Projects of the Klassik Stiftung Weimar are funded by the European Regional Development Fund (ERDF) and the Free State of Thuringia, represented by the State Chancellery of Thuringia, Department of Culture and the Arts.
The geometrically clear architecture by Prof. Heike Hanada (Berlin) includes – in a minimalistic concrete cube – five levels that converge in two-storied open spaces. Visitors can access the museum from two sides: from the city level via a generous entrance hall – or from the adjacent Weimarhallenpark via a large terrace on the ground floor.
The façade is characterised by 24 narrow panels of opaque, frosted glass. They float freely without a frame and form a regular horizontal rhythm which is superimposed by a linear grid of fine black lines which refract unevenly. Horizontal light strips around the body of the structure provide illumination at nighttime.
The entrance hall is the starting point for all the main paths in the museum. Visitors quickly gain orientation by means of a cascading staircase placed within a cleverly structured coordinate system. Thanks to horizontal and diagonal lines of view in relation to the adjacent open spaces, the functions of the individual areas are immediately discernible. The floor and walls of the hall correspond with the materiality and haptic quality of the exterior concrete base of the museum.
Contractor: Klassik Stiftung Weimar
Architecture: Prof. Heike Hanada, laboratory for art and architecture, Berlin
Function: Exhibition spaces and rooms for pedagogical activities, visitor service, shop, lounge and café
Exhibition design: Holzer Kobler Architekturen, Zürich/Berlin
Exhibitionspace: 2,000 m²
Costs: 22.6 million euros
Constructionperiod: 2015 until end 2018
Opening: 6 April 2019
The Bauhaus Museum Weimar is being built at the edge of the Weimarhallenpark, directly opposite the National Socialist “Gauforum”. The urban and historically significant location of the new building offers a unique possibility to attractively develop the district between the Goetheplatz, Nordvorstadt and the Bahnhofsviertel (area around the station) and to give it a cultural perspective.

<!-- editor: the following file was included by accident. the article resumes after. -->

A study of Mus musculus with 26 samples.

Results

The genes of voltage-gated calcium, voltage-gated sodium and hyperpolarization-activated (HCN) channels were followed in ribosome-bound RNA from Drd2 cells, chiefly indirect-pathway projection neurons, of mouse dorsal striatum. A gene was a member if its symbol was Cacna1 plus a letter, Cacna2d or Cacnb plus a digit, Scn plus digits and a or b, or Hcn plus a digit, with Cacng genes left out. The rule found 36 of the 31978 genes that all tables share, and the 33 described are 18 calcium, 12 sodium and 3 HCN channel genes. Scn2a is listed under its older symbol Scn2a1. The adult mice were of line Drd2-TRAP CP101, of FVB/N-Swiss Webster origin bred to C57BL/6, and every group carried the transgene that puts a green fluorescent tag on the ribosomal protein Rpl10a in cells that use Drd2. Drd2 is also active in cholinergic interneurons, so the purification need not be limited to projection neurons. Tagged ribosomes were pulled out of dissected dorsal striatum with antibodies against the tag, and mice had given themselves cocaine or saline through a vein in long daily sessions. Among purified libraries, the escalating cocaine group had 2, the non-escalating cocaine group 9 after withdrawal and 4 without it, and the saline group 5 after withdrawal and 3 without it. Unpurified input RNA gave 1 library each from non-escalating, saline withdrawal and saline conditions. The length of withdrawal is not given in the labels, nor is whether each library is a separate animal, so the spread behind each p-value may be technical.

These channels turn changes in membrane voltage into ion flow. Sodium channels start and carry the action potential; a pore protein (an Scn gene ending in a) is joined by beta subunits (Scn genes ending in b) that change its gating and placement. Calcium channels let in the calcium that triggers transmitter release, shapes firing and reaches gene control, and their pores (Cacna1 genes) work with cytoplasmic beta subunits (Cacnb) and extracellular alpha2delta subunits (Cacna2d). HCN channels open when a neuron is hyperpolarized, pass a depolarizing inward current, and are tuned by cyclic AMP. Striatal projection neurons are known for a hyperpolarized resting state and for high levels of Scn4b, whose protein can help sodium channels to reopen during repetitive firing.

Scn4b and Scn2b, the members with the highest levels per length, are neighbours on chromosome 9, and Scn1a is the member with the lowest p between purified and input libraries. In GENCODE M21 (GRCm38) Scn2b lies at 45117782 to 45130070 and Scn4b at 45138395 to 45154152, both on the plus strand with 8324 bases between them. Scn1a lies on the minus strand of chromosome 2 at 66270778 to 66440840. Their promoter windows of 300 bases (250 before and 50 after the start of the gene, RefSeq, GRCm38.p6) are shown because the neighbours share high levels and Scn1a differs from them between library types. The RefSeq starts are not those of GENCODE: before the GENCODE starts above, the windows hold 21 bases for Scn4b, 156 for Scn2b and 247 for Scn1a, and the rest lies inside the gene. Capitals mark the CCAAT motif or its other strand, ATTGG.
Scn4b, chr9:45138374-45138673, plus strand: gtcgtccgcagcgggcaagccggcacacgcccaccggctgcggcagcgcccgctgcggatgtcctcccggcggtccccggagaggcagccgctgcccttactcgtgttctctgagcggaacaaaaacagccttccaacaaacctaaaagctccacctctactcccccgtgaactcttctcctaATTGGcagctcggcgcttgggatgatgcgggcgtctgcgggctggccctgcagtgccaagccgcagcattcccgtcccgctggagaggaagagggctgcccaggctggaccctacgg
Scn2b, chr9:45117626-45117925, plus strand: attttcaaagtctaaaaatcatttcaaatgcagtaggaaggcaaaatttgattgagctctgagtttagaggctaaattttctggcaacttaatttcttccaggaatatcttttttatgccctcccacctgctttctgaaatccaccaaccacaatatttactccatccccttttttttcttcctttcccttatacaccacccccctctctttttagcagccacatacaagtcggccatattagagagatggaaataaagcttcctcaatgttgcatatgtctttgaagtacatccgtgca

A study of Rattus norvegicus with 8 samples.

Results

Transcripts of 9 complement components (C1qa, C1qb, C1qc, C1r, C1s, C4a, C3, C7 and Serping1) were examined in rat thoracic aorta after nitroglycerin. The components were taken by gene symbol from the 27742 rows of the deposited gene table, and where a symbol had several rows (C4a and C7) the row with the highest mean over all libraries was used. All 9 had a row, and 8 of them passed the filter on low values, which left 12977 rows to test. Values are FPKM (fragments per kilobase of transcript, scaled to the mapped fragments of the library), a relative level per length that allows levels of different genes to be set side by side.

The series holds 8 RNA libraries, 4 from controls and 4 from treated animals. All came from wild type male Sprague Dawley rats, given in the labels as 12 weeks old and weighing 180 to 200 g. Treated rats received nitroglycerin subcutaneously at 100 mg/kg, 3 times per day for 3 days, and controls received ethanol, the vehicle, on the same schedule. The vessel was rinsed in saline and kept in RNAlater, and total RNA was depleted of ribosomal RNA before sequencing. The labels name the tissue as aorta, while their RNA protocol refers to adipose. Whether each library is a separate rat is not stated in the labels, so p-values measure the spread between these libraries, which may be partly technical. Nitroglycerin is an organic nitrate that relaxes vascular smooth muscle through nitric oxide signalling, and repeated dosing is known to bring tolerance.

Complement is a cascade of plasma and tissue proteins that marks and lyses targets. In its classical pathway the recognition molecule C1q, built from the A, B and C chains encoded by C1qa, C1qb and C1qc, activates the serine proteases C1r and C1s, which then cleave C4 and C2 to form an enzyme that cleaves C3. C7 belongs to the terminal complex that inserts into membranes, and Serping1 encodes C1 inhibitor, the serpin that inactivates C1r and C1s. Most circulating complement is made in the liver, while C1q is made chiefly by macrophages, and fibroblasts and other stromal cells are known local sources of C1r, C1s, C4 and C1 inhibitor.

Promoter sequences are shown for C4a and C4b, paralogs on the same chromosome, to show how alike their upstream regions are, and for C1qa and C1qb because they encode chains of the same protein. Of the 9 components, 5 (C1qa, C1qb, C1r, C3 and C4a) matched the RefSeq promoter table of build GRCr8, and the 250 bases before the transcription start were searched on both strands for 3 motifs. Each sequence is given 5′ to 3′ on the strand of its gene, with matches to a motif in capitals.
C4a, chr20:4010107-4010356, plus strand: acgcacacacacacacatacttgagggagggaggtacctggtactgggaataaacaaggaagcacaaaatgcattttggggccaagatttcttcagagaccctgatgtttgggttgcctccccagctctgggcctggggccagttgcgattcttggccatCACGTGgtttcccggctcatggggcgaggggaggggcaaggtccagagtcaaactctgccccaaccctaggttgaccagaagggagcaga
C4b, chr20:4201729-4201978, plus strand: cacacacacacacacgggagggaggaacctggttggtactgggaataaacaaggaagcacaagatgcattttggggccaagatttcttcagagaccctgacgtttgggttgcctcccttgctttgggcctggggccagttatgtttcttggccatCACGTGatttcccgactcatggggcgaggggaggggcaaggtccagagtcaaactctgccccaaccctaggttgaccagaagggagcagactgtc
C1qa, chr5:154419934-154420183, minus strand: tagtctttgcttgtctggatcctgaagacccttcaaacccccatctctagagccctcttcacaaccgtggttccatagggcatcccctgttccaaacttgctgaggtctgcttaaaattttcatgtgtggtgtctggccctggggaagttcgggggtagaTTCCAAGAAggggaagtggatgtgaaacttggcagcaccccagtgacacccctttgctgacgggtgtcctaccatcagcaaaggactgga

Three time periods of modernism converge in a historically unique way in a focal point of sorts at the new Bauhaus Museum: the so-called green, cultural and sports axis to the west of the new building as a large “cultural project” of the Weimar Republic, the monumental architecture of the “Gauforum” from the Nazi period as well as the ensuing handling of the existing architectural testimonies by the GDR including urban planning under a socialist banner.
The museum offers the perspective to create a lively cultural district spanning the period of the late 19th century, the ambivalent history of modernism, down to the present day. It will also be one of the most important strategic points in the “topography of modernism” – a network connecting both historical and memorial sites all over Weimar.
The Klassik Stiftung and city of Weimar launched an architectural competition for the establishment of the Bauhaus Museum Weimar in 2011. A total of 536 architecture offices submitted their proposals.
The international jury, chaired by Prof. Jörg Friedrich (Hamburg), consisted of 17 members who were supported by a panel of twelve independent experts. The competition was supervised by Schubert/Horst Architekten, Dresden.
On 15 March 2012 the jury awarded second prizes to Johann Bierkandt (Landau) and the architects HKR (Klaus Krauss and Rolf Kursawe, Cologne). Two third prizes were awarded to Prof. Heike Hanada with Prof. Benedict Tonon (Berlin) and Bube/ Daniela Bergmann (Rotterdam).
The jury awarded three honourable mentions for the proposals submitted by Karl Hufnagel Architekten (Berlin), hks Hestermann Rommel Architekten und Gesamtplaner GmbH (Erfurt) and menomenopiu architectures/Alessandro Balducci (Rome).
In the subsequent procurement procedure for freelance services (VOF-procedure), the design concept by the Berlin-based architect Prof. Heike Hanada with Prof. Benedict Tonon received final approval.